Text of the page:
Riverdale returns for a darker, twistier, sexier season 2: Go inside this week's cover
Plus, all the scoop on 145 of the biggest shows in EW's Fall TV Preview issue
To read more on EW’s Fall TV Preview, pick up the new issue of Entertainment Weekly on stands Friday, or buy it here now. To purchase the cover featuring EW’s Cover Battle winners, Riverdale, click here. Don’t forget to subscribe for more exclusive interviews and photos, only in EW.
If Gossip Girl married Twin Peaks and had a kid, it would probably look a lot like Riverdale, the cover of EW’s Fall TV Preview (and winner of our highly competitive cover contest). With its mixture of sex, drugs, murder and wig rooms (Yes—a room full of toupees!), The CW’s modern reboot of the Archie comics has transformed the sleepy town of Riverdale into a whole new world for fans of the wholesome saga. Archie (KJ Apa), Veronica (Camila Mendes), Betty Cooper (Lili Reinhart), Jughead Jones (Cole Sprouse), and their friends deal with typical teen drama, like torturing slut-shaming football players, finding out their parents have secret children (we’re lookin’ at you, Alice Cooper), and solving the murder of a classmate. Conceived by Archie Comics chief creative officer Roberto Aguirre-Sacasa, who previously wrote for Glee, the series is a subversive, sexy take on the iconic characters that still maintains certain hallmarks (red hair! milkshakes! pep rallies! Jughead’s crown!). It’s that reverence for the original combined with a willingness to push the envelope that is the unique pleasure of Riverdale. “For every really sweet thing, Roberto has something really spicy,” explains EP Greg Berlanti. “For every nostalgic thing, he’s got something so contemporary and adult and scary.” Adds Aguirre-Sacasa, “I think it’s kind of caught between the dark and the light of Archie.”
Riverdale started out much, much lighter. In 2013, Aguirre-Sacasa had been in talks to develop a big-screen take on the comic book for Warner Bros. when things started going a little off track. “It just got crazy,” remembers Riverdale EP Sarah Schechter, who originally worked on the movie version. “There were, like, time portals. At one point one of my bosses said, ‘What about Louis C.K. for Archie?’ I called Roberto and said, ‘Don’t close the deal. Run away.’ Soon after I left [to run Berlanti Productions], one of the first calls was to Roberto to say, ‘Why don’t we do this as a TV show?’ ”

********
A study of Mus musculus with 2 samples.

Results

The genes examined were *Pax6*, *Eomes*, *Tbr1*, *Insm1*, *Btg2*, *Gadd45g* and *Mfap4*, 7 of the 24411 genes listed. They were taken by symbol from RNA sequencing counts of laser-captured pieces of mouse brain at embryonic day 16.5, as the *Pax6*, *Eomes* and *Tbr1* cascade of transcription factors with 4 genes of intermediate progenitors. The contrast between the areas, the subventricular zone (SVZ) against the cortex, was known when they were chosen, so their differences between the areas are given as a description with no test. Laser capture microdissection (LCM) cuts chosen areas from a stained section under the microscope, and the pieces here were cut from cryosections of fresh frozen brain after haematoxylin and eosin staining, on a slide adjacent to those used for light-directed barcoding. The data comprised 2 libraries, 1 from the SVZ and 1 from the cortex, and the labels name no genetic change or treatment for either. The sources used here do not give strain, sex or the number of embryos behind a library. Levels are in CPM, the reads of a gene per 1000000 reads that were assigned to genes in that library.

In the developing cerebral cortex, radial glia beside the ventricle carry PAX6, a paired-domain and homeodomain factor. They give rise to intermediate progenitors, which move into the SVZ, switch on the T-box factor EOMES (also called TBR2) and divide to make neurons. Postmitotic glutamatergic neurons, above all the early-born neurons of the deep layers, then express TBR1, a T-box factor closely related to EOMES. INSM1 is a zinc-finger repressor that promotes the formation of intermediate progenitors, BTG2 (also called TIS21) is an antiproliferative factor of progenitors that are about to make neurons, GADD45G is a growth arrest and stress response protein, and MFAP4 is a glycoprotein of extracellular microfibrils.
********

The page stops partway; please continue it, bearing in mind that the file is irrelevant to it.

But Archie and his goody-two-shoes gang still came across as a slightly dated franchise for modern audiences. Says Berlanti, “It’s Archie, so people needed to know, ‘Why is it still for today?’ ” The answer was an old-fashioned killing. “When we added the murder-mystery element to season 1, the show unlocked creatively for me,” remembers Aguirre-Sacasa. He admits that his playing with a beloved franchise initially freaked out some fans. “As people watch more and more episodes, they’re much more accepting and excited by it,” he says. “There will always be a hardcore contingency that doesn’t like anything that we change.” But then there are those changes that become social-media gold, like the romantic pairing of Jughead and Betty. The odd couple became a fan favorite, garnering their own shipper fan group called, naturally, Bugheads. “I had a suspicion that people would spark to Betty and Jughead getting together but I did not know that it would electrify fans and take on an elemental life of its own,” says Aguirre-Sacasa. Adds Sprouse: “We were working against 75 years of comic purism in which the two characters had very little romantic interaction. We were also working against Jughead’s asexuality.”
STYLE HUNTER: Get the Looks You Love From Riverdale
This season will continue to track the Bughead romantic rollercoaster but most of the thrills will be the series’ brand new top-secret plot, a full-throttle thriller. The hope is that the scares (and high body count) will not only please Riverdale’s already fervent fan base but be addictive enough to grow the series from solid success to bona fide hit. (Ratings for season 1 were respectable, averaging 1.7 million viewers per ep.) “The first three episodes of this are the strongest of a second season I’ve been a part of,” says Berlanti, a veteran producer of classics like Dawson’s Creek and Brothers & Sisters. “It’s got an incredible new mystery and a new hook, and I think it’s got more of everything that people love about the show.”
Beyond Riverdale, EW’s Fall TV preview is chock full of exclusive details on 145(!) shows, including new series like CBS’ Young Sheldon and Fox’s The Gifted, plus returning hits like NBC’s This Is Us and Showtime’s Shameless.The Fall TV Preview issue will be on stands Friday, but to get your hands on the exclusive cover featuring the cast of Riverdale, click here.